Turn Off Your Desktop [OS X Tips]

Example of dialog box created by AppleScript

If you’re using your Mac to give a presentation, you might not want everybody to see your messy desktop! If so, you can run a quick command that will hide your desktop icons.

To temporarily turn off the desktop, open a Terminal window (Finder->Applications->Utilities->Terminal) and type the following line:

defaults write com.apple.finder CreateDesktop -bool FALSE;killall Finder

Note that this will mean you can no longer right-click on the desktop or drag files there. The files there will still be accessible by using Finder to browse to your Desktop folder.

Typing the command

A simple command will hide all desktop detritus--essentially, turning it off

To restore things back to normal after your presentation, again open a Terminal window, but this time type the following:

defaults delete com.apple.finder CreateDesktop;killall Finder

Hey, presto! Everything should be back to normal. If not, log out and back in again.

With the use of a quick AppleScript, this Terminal command can even be turned into an standalone application that you can run before each presentation, saving the hassle of the command line.

Open AppleScript editor (Finder->Applications->Utilities->AppleScript Editor), and cut and paste the following code:

display dialog "Desktop icons visible or hidden?" buttons {"Visible", "Hidden"} with icon 2 with title "Switch to presentation mode" default button 1
set switch to button returned of result
if switch is "Hidden" then
do shell script "defaults write com.apple.finder CreateDesktop -bool FALSE;killall Finder"
else
do shell script "defaults delete com.apple.finder CreateDesktop;killall Finder"
end if

Click the Run button on the toolbar to test your script. You should see a dialog box appear with two buttons: Visible and Hidden. To make sure the app works OK, click Hidden to hide the icons, then run the app again and click Visible to reveal them again.

Example of dialog box created by AppleScript

A little AppleScript gives you an app that will hide the desktop whenever you want

To save the AppleScript as an application, click File->Save As. Type a filename and, in the File Format dropdown list, select Application. Save the file, although not on your desktop–when the icons get hidden, you won’t be able to access it again to unhide them unless you use Finder.

Related
  • moiano66

    Who still uses desktop icons???

  • sudoash

    Nice idea. However, for anyone using the AppleScript, remove the tell application start and end blocks as it’s not required. You’ll end up with Terminal being left open anyway.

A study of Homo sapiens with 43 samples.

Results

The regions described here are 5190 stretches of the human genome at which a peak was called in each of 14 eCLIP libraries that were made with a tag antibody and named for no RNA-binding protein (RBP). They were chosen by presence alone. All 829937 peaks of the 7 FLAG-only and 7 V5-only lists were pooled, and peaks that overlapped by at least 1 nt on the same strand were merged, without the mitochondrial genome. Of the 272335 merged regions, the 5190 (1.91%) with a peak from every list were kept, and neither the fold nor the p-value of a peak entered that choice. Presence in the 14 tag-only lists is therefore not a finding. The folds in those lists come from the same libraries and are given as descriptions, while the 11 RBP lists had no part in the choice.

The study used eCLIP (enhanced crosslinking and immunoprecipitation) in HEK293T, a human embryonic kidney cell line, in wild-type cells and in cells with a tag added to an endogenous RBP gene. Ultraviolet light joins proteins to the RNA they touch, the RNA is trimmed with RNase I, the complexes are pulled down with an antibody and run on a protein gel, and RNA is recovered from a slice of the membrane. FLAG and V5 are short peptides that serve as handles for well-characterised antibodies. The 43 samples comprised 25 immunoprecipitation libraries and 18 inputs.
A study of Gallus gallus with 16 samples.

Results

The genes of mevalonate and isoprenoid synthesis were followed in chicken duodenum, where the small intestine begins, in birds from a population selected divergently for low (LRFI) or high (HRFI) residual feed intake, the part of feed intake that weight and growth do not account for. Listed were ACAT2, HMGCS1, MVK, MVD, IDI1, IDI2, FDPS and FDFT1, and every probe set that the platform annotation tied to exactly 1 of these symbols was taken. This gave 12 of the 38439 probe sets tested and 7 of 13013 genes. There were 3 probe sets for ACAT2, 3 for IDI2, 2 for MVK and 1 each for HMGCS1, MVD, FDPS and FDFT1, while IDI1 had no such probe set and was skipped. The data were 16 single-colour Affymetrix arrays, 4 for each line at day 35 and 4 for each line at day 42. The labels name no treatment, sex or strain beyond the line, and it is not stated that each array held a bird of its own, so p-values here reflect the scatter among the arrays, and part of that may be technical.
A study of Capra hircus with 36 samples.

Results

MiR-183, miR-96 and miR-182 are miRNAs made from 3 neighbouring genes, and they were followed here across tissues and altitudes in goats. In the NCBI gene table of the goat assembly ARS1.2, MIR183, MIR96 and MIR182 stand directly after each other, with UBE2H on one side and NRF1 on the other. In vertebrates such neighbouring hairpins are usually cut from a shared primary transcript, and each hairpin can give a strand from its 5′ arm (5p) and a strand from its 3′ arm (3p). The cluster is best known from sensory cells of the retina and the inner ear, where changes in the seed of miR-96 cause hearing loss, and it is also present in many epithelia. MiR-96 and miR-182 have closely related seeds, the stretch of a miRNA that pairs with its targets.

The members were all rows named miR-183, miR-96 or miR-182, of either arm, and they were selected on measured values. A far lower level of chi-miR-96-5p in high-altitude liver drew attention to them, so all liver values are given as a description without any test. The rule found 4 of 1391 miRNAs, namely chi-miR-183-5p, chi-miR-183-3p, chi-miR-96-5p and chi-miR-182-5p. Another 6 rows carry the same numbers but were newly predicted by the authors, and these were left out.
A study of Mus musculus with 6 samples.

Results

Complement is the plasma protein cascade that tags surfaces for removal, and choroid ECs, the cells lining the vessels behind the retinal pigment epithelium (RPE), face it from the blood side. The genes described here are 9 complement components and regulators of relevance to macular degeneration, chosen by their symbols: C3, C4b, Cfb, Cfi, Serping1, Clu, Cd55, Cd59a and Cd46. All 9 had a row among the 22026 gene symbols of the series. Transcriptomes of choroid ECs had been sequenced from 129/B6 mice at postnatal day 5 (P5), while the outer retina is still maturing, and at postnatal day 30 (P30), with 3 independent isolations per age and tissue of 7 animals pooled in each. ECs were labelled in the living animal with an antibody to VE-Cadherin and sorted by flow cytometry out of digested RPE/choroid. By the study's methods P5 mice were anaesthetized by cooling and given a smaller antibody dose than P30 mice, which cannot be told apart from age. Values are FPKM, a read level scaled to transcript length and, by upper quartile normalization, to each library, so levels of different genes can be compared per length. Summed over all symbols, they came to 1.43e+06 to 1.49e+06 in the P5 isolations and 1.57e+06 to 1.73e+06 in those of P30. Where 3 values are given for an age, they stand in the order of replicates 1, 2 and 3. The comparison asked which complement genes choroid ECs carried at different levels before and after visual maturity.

• KeirThomas

    Ashley I’m not an AppleScript expert but this script doesn’t open a Terminal window.

  • Georgi Mladenov

    i expected someone would ask such an idiotic question.

  • Guest

    Windows refugees. 

  • sudoash

    It doesn’t open a window, but the Terminal application itself is left open. Enable the indicator and you’ll see.

  • sudoash

    My mounted volumes.

  • Carbayon

    Or just use Desktopple: 

    http://foggynoggin.com/desktop

  • KeirThomas

    OK, I see what you mean. Thanks. I’ve fixed the script now to remove the ‘tell’ and ‘end tell’ statements. 

  • Wanda Gomez-Berger

    Alternatively, create a User account that you use for presentations and has a “clean” desktop.
    From this account run your presentation – being sure the file is accessible by setting permissions correctly.

  • ErinsDad

    I could try this, I just know I’d mess it up and never see my icons again.  I like Wanda’s idea better.

  • ScorpionGeorge

    Why not just clean your desktop? That seems so much easier than using terminal to make them disappear or creating another user account.

  • Jdsonice

    Excellent. The script works perfectly – please read and follow the instructions. Thanks for sharing.

  • Bert Vanderveen

    I use DeskShade. No hassle with Terminal.

  • MacRat

    That would make too much sense for most people.

  • Jeffrey Gee

    Thank you!  This is awesome.  More applescript tips please.

  • Jeffrey Gee

    Cool, thanks!  I added a quit command already into my if & else statement, but that’s good to know.

  • Netnyke

    Add this at the end (in the AppleScript editor): quit application “Terminal”

  • KeirThomas

    Hi Netnyke, see my comment below in response to Ashley’s discussion. I’ve now removed the references to Terminal in the script, so there’s no need to add a line to quit it. 

    _______
    Keir Thomas
    Author of Mac Kung Fu
    Over 300 tips, tricks, hints and hacks for OS X Lion
    http://pragprog.com/book/ktmac

About the author

Keir ThomasKeir Thomas (http://keirthomas.com) is the author of Mac Kung Fu, which contains over 300 tips, tricks, hints and hacks for Mac OS X Lion. He's also the author of over 10 other computing titles.